From the Child Mind Institute Blog
By Caroline Miller
November 17, 2014
The New York Times ran a disturbing story over the weekend (see below) about a mother weighing whether to put her 6-year-old son on Risperdal, along with the stimulant he's taking for ADHD. It's disturbing because putting young children on two medications, especially if one is an antipsychotic, is scary.
But it is also disturbing because neither the reporter nor the doctors interviewed addressed the question that should be asked before any treatment is prescribed: What might be behind this boy's problem behavior?
The boy, named Matthias, has mysterious rages, refuses to join activities, and bolts from "adults trying to corral him." This sounds a lot like anxiety. He refuses to do math and word problems in school, and puts his head down on the table. Has he been evaluated for a learning disorder?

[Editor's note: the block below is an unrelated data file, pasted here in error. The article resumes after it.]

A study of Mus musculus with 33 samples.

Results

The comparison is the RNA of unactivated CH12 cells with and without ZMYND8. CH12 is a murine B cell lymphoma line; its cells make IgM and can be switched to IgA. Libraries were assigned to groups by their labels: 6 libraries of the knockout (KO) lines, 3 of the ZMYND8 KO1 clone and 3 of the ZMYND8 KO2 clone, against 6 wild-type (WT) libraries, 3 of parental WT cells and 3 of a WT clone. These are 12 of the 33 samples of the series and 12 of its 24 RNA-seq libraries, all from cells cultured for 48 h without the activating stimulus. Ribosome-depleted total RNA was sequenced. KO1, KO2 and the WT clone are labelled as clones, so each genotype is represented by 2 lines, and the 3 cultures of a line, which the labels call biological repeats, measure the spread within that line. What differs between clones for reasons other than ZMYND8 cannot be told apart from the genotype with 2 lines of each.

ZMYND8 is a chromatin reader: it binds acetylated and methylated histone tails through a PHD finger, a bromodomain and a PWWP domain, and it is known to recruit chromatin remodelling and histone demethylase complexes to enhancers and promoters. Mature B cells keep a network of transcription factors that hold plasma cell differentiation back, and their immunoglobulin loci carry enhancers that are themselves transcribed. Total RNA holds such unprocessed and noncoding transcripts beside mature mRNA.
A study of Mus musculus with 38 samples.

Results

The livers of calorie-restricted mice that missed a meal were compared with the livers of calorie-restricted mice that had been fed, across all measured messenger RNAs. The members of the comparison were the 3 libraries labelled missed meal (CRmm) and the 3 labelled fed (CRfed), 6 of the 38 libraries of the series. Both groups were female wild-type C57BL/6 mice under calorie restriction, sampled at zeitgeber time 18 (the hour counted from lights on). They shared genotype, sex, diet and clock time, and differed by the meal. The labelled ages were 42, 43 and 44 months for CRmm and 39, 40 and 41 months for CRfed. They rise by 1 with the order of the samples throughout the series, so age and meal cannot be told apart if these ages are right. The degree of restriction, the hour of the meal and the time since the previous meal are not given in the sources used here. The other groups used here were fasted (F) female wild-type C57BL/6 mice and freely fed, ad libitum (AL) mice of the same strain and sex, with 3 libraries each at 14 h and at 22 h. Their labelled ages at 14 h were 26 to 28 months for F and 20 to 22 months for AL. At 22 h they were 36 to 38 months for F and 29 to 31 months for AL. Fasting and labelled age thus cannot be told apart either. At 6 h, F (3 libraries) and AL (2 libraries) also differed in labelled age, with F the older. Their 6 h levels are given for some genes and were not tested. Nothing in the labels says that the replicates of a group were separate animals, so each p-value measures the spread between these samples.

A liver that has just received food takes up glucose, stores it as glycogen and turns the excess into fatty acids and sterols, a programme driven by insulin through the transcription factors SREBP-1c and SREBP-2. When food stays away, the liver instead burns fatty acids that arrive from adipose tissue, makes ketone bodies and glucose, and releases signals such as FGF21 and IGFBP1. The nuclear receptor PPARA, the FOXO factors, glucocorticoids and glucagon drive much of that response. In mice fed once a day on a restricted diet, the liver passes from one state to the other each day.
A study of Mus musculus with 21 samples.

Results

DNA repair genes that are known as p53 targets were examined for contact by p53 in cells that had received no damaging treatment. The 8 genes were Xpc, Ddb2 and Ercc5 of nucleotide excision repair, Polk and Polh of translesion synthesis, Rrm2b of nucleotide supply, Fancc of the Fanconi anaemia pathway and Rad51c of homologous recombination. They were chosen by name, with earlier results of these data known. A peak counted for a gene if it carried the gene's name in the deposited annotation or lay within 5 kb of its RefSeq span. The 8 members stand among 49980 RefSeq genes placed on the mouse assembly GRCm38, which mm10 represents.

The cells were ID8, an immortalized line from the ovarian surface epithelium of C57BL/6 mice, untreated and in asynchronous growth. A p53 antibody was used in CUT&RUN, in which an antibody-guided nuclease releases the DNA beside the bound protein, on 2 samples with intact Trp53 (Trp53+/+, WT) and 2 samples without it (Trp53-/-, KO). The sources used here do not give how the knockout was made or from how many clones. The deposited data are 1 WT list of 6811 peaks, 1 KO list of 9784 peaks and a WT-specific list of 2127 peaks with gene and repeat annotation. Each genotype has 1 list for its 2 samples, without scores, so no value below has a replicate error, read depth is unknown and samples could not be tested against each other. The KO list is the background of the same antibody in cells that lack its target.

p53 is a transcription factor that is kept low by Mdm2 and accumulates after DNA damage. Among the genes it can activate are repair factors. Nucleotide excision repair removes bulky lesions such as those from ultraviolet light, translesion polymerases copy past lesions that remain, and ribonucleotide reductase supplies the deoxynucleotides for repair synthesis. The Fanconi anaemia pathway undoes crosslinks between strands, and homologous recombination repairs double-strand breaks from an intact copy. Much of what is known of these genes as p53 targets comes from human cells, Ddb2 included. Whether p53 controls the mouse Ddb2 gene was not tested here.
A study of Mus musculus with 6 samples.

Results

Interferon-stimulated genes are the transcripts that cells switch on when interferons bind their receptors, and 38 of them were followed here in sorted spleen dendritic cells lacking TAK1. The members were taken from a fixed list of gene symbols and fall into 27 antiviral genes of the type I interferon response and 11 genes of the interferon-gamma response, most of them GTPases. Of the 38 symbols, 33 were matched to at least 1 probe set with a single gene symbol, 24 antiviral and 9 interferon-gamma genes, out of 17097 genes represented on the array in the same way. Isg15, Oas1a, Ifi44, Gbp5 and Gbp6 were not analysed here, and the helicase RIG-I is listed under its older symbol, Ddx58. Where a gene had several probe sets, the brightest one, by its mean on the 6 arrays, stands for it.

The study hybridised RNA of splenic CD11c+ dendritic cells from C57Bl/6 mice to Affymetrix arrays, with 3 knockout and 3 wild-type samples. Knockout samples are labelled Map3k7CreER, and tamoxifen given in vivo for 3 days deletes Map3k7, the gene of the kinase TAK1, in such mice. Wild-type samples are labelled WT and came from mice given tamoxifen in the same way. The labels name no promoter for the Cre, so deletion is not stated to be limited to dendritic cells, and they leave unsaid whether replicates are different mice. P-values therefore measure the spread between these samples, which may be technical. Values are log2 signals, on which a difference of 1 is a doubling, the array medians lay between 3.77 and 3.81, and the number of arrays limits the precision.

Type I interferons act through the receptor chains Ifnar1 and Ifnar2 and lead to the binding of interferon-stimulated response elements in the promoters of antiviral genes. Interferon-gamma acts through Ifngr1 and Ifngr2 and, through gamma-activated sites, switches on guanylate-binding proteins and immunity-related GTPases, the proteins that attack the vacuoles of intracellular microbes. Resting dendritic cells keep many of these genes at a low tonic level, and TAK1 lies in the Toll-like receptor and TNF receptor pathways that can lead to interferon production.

He melts down when his mother parks in the wrong spot—could he be on the autism spectrum? Does he "explode into fits of anger and despair" because he has sensory issues? There's chaos in Matthias's home life. Might trauma be a contributing factor?
There isn't one voice in this story that reflects best practices in treating a child like Matthias. Before even considering prescribing a powerful drug like Risperdal, a clinician should explore what's going on with this child, whether the initial ADHD diagnosis is correct, and whether structured behavioral interventions would help him.
Instead, Matthias's mother is considering putting him on an antipsychotic so he can avoid special education classes. And the pediatrician treating him makes this lame joke in lieu of a diagnosis: "He's got MSD—Matthias Specific Disorder."
This is a textbook case of why you need to try to understand behavior, not just try to control it.